MEC downplays ‘Constitution Crisis’ fear ahead of nomination process: Malawi polls

The Malawi Electoral Commission (MEC) says sitting parliamentarians need not to resign to be nominated for May 20 Parliamentary elections.

There was hot debate and strong fear on social media that the nation could face a “Constitution crisis” by conducting the nomination process before dissolution of the National Assembly.

In previous general elections, the Commission conducted nomination process after the dissolution of the National Assembly.

Mwafulirwa: MEC spokesman says  MPs should not resign
Mwafulirwa: MEC spokesman says MPs should not resign

According to Section 67(1) of the Republican Constitution the “National Assembly shall stand dissolved on the 20th of March in the fifth year after its election, and the polling day for the general elections for the next National Assembly shall be the Tuesday in the third week of May that year.”

But this time around, nomination process starts earlier before the dissolution of the National Assembly, a development that has brought confusion and debate among some Malawians.

Apparently, this debate ensued after United Democratic Front (UDF) and Democratic Progressive Party (DPP) Presidential candidates resigned as Members of Parliament for them to qualify for nomination as candidates for Presidential Elections.

Section 80(7e) says “No person shall be eligible for nomination as a candidate for election as President or First Vice-President or for appointment as first Vice-President or Second Vice-President if that person is the holder of a public office or a member of Parliament, unless that person first resigns.”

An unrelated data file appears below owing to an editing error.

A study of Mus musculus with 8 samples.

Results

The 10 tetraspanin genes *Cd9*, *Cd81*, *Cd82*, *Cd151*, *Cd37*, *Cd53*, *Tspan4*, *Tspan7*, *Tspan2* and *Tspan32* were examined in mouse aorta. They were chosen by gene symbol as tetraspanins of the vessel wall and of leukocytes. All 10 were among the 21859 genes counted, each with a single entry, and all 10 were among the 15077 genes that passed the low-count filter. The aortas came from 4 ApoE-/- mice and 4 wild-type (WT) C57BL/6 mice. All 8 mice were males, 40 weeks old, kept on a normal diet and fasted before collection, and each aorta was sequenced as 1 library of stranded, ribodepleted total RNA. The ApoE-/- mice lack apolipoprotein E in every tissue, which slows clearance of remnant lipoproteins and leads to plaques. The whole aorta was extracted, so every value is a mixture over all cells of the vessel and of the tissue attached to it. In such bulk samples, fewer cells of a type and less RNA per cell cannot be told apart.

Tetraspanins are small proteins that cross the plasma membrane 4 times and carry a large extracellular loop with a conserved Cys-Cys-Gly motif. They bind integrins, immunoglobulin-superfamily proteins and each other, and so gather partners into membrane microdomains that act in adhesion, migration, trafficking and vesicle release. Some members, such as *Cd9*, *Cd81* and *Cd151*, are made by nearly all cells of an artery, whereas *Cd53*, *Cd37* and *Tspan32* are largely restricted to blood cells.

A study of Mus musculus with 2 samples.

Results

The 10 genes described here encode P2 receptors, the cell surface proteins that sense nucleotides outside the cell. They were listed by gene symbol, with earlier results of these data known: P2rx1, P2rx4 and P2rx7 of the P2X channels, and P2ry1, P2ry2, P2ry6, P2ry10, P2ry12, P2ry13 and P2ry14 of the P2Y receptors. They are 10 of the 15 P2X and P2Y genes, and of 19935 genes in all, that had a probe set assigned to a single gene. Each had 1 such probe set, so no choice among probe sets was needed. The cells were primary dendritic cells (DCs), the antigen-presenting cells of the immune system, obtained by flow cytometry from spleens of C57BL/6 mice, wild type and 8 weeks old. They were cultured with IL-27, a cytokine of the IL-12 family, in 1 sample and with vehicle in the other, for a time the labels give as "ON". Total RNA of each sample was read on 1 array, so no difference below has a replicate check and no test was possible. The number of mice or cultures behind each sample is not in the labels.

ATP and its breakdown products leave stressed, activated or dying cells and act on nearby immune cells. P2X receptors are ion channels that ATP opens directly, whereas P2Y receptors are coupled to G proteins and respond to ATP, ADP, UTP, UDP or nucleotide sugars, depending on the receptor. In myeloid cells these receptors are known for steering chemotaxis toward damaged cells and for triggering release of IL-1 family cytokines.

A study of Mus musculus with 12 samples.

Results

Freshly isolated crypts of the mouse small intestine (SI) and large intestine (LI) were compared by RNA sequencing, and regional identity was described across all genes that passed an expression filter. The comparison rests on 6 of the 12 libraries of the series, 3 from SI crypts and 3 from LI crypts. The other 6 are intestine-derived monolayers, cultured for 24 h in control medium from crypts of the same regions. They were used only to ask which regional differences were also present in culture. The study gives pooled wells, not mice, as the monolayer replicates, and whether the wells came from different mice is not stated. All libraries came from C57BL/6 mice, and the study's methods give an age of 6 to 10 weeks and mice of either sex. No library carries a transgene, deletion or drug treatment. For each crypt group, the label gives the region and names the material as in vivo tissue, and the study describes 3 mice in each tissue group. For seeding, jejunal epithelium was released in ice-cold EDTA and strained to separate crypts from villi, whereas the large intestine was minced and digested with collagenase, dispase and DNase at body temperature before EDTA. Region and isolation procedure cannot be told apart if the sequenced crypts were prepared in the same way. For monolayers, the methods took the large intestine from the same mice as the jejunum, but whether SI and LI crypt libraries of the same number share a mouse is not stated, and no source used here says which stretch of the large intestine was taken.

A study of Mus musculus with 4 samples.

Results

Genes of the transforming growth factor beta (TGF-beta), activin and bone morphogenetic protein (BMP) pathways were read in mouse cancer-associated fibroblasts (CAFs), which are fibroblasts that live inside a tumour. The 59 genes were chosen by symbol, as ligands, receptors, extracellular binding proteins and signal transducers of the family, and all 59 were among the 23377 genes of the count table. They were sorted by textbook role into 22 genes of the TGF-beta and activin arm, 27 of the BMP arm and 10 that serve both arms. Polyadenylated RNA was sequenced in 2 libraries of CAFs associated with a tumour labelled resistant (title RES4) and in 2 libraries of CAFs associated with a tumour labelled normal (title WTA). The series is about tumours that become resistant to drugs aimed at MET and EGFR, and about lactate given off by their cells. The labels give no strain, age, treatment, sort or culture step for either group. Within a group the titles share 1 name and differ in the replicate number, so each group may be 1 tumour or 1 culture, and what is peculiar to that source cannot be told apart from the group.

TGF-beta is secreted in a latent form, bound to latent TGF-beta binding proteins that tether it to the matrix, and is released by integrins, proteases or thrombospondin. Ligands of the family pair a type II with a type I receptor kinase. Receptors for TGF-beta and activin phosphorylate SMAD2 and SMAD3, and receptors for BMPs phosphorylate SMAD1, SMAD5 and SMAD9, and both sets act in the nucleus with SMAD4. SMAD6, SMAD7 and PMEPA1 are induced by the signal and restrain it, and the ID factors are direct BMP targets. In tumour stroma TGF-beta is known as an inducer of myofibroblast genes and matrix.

While Section 51(2e) states that “no person shall be qualified to be nominated or elected as a member of Parliament who holds, or acts in, any public office or appointment, except where this Constitution provides that a person shall not be disqualified from standing for election solely on account of holding that office or appointment or where that person resigns from that office in order to stand;”

Radio personality, Deus Sandram wrote on his Facebook page, “I foresee a “Constitutional Crisis”- Section 80, 81, 51 and 67 are in serious contrast. Constitutionally, Parliament is supposed to be dissolved on 20th March, but at the same time, one cannot be nominated for the parliamentary race if he/she is still holding a public office

“Literal translation simply means all sitting MPs cannot be nominated now, unless they resign. MEC was supposed to start the process of nomination only after 20th March. Am really confused amzanga odziwa malamulo tithandizeni.”

Likewise, Wonder Msiska, Station Manager for Star Radio, said “I am also having problems to  comprehend the same bwana Deus.”

While Phrank Mlandu said he now likes the Constitution of Malawi than any novel because there a lot of “go easy” and “come easy” sections which needs to be fully revised to match today’s technology.

But when asked his position as regards to this debate, the Commission’s spokesperson Sangwani Mwafulirwa said sitting parliamentarians are not affected, but pointed out that the electoral body will still follow the laid down eligibility criteria which is in accordance with Constitution.

Meanwhile, some people are also of the view that President Joyce Banda should resign to fulfil constitutional obligations ahead of presentation of nomination papers for Presidential candidates next week.

However, according to Section 88, the office of President is not a public office and just like the office of First Vice-President, can never be vacant.